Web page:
Had Falling Down been made by the goofs behind National Lampoon it might have turned out something like this black comedy, which posits itself on the side of intelligence, but is arguably just as inane as the pop-cultural figures it mercilessly assassinates, argues contributor Ed Wall.
“America has become a cruel and vicious place.”
So speaks Frank (Joel Murray), the protagonist in Bobcat Goldthwait’s gory, silly and occasionally hilarious is-it-or-is-it-not-a-B-movie God Bless America. Frank, a middle-aged divorcee, finds himself at odds with a contemporary America whose vapid culture leaves him cold. Yearning for something more than his anodyne life, he has no outlet. He’s surrounded by morons. His pubescent daughter is a bitch. He’s a passive victim of our modern mediaocracy: unable to stomach the quality of the programming, yet still compulsively watching the television at night. When Frank is forcefully retired from his beige office job and told he has terminal cancer on the same day (ouch), our grey suburban ‘hero’ decides enough is enough and tools up. Soon he finds himself joined by disaffected teenager Roxy (Tara Lynn Barr), an intelligent outcast with an unhealthy taste for bloodshed.
Painted in the broadest strokes, Frank and Roxy’s rampage through a culturally deficient USA is on the one hand far less shocking than it imagines it is, but also more covertly sinister than it appears. Besides spending the duration wondering quite which America it is Frank might be sentimentalising about, there’s an uncomfortable sense that, despite the schlocky feel, the film is actually taking itself reasonably seriously while ultimately upholding the values of the culture it rails against. This leaves a bitter taste in the mouth.
Over the course of two hours we’re ‘treated’ to the slayings of various token hate figures including, but not limited to, a far-right religious group with God Hates Fags signs, some Tea Party members and a fat man who may or may not be excusing paedophilia. These set pieces are executed (excuse the pun) with all the snappy dialogue you’d expect from a veteran of the stand-up scene, and decent acting from the two leads (particularly Barr, who endows Roxy with a needs-to-be-loved emotional vulnerability as the flipside to her downtrodden arrogance).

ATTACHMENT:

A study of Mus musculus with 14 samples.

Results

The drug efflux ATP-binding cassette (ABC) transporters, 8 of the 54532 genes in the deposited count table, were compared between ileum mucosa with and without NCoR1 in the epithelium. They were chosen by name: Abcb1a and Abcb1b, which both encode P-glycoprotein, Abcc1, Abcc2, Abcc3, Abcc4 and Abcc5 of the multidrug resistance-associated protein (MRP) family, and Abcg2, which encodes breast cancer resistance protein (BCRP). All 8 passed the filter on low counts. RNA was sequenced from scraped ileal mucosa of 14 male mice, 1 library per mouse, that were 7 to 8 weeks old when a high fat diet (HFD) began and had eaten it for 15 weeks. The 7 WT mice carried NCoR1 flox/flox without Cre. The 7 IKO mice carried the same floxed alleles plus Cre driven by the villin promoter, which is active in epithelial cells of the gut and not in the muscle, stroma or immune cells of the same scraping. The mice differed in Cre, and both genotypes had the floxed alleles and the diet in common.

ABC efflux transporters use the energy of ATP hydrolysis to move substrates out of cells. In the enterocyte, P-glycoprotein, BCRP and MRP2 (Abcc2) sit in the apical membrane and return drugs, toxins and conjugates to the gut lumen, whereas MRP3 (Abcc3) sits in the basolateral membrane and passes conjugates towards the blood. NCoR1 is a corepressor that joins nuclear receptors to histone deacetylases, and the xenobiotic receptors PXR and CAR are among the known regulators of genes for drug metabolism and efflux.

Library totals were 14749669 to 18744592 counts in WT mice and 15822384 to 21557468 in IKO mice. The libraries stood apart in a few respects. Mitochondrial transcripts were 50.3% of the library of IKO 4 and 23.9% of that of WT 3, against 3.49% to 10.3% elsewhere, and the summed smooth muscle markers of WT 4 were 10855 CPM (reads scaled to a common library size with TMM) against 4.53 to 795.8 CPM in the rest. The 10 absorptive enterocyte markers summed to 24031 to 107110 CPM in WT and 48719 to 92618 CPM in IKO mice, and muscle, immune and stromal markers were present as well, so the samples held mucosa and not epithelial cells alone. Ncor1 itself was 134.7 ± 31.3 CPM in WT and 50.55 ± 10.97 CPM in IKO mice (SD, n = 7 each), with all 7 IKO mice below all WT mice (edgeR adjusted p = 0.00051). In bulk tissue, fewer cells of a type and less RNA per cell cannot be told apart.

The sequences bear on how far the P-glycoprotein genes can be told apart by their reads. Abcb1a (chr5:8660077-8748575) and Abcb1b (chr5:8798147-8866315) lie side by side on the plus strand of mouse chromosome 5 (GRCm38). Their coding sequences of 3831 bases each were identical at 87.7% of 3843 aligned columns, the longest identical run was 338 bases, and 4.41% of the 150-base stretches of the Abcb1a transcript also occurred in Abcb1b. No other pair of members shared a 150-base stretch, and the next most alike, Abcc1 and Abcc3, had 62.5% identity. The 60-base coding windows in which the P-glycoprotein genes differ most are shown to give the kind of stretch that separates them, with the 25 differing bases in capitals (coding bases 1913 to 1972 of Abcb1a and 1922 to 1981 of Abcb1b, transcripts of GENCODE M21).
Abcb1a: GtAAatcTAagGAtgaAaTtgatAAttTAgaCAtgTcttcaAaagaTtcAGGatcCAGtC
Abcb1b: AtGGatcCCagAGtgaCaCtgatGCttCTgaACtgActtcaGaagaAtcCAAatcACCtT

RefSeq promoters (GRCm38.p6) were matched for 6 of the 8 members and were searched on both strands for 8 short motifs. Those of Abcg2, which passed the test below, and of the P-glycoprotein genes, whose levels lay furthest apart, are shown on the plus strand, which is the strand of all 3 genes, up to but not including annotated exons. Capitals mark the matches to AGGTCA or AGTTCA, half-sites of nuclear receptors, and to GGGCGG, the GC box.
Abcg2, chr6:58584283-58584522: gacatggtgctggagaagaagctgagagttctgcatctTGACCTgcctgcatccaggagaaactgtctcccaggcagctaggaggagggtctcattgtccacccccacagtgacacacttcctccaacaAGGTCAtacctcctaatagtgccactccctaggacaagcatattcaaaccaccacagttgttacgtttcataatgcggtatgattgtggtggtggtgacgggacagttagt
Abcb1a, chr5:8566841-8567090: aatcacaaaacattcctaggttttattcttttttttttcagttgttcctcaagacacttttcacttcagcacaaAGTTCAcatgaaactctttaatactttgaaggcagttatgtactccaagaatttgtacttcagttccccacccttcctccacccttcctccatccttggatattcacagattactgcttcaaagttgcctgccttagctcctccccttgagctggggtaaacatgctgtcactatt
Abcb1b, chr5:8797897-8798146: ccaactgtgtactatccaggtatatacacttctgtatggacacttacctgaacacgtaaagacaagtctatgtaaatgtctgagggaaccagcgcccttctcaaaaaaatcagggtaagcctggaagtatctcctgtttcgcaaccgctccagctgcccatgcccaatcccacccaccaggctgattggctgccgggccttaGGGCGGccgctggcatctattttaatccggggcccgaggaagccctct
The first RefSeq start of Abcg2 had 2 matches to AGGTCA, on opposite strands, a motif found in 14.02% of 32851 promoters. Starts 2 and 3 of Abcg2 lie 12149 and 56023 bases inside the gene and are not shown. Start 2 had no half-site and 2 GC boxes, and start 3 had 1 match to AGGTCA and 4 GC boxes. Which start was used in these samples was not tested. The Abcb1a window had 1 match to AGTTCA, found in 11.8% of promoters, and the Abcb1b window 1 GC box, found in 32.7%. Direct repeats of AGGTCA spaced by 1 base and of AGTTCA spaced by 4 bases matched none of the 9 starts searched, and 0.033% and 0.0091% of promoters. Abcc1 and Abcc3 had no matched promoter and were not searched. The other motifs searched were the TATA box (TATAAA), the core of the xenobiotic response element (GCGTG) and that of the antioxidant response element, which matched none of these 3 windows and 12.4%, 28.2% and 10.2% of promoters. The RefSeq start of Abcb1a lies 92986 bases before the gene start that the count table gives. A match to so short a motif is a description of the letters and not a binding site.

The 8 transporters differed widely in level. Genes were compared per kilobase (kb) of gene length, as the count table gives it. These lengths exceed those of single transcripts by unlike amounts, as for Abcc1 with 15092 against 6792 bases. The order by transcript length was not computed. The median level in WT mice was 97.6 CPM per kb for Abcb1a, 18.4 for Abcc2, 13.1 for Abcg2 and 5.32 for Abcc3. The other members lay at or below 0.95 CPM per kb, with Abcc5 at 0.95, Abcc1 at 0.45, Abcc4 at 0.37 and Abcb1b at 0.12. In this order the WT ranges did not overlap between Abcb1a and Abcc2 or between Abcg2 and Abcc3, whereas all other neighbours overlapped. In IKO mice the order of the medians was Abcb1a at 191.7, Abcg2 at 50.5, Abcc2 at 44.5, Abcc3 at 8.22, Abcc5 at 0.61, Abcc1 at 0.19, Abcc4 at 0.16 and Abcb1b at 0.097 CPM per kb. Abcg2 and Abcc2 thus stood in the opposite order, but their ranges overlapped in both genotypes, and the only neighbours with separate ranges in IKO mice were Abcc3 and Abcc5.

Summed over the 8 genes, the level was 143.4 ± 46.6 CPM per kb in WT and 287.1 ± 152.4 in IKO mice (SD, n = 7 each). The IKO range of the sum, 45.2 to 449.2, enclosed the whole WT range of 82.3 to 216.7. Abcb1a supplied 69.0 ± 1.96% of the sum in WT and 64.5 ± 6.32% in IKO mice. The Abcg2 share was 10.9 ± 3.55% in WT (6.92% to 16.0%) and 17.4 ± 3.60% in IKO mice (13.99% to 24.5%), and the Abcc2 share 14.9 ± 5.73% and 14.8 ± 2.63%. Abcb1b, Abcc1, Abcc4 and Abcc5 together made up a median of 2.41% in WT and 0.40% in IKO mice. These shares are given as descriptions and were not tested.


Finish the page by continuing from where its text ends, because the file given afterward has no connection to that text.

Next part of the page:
However, in keeping with the trashy pulp aesthetic, there doesn’t seem to be any point to all the violence. The film, ultimately, is trying to say something without wanting to be seen to be trying to say something. In advocating exactly the same response to a problem that a prevalent strain of American ideology demands, the film had the potential to be highly satirical. However, the nagging suspicion that for all the protagonists’ ‘journeying’ this isn’t really going anywhere is confirmed by a weak final third, replete with all-too predictable twist.
Making a film about the decline of culture that is itself artless, pointless and throwaway is either an unflinchingly brave act of postmodern artistry or a beautifully ironic faux pas, on a level with Alanis Morissette’s infamous, blundering misuse of the word ‘ironic’. It’s child’s play simply to list all the things you’re against in order to create a groundswell of sympathy amongst like-minded others (ask Vice magazine). Too much in God Bless America is rooted in the same divisive rabble-rousing actually employed by right-wing organisations like the Tea Party.
God Bless America, then, is not the wholly satirical deployment of the phrase that it might appear. I found myself wondering, in view of all of the recent unforgivable loss of human life, not least the truly abhorrent acts committed by the Assad regime in Syria, and those by Anders Breivik in Norway: is there not some kind of solution we can come to that doesn’t involve killing everyone?
God Bless America is in cinemas now. It is also available on DVD from July 9.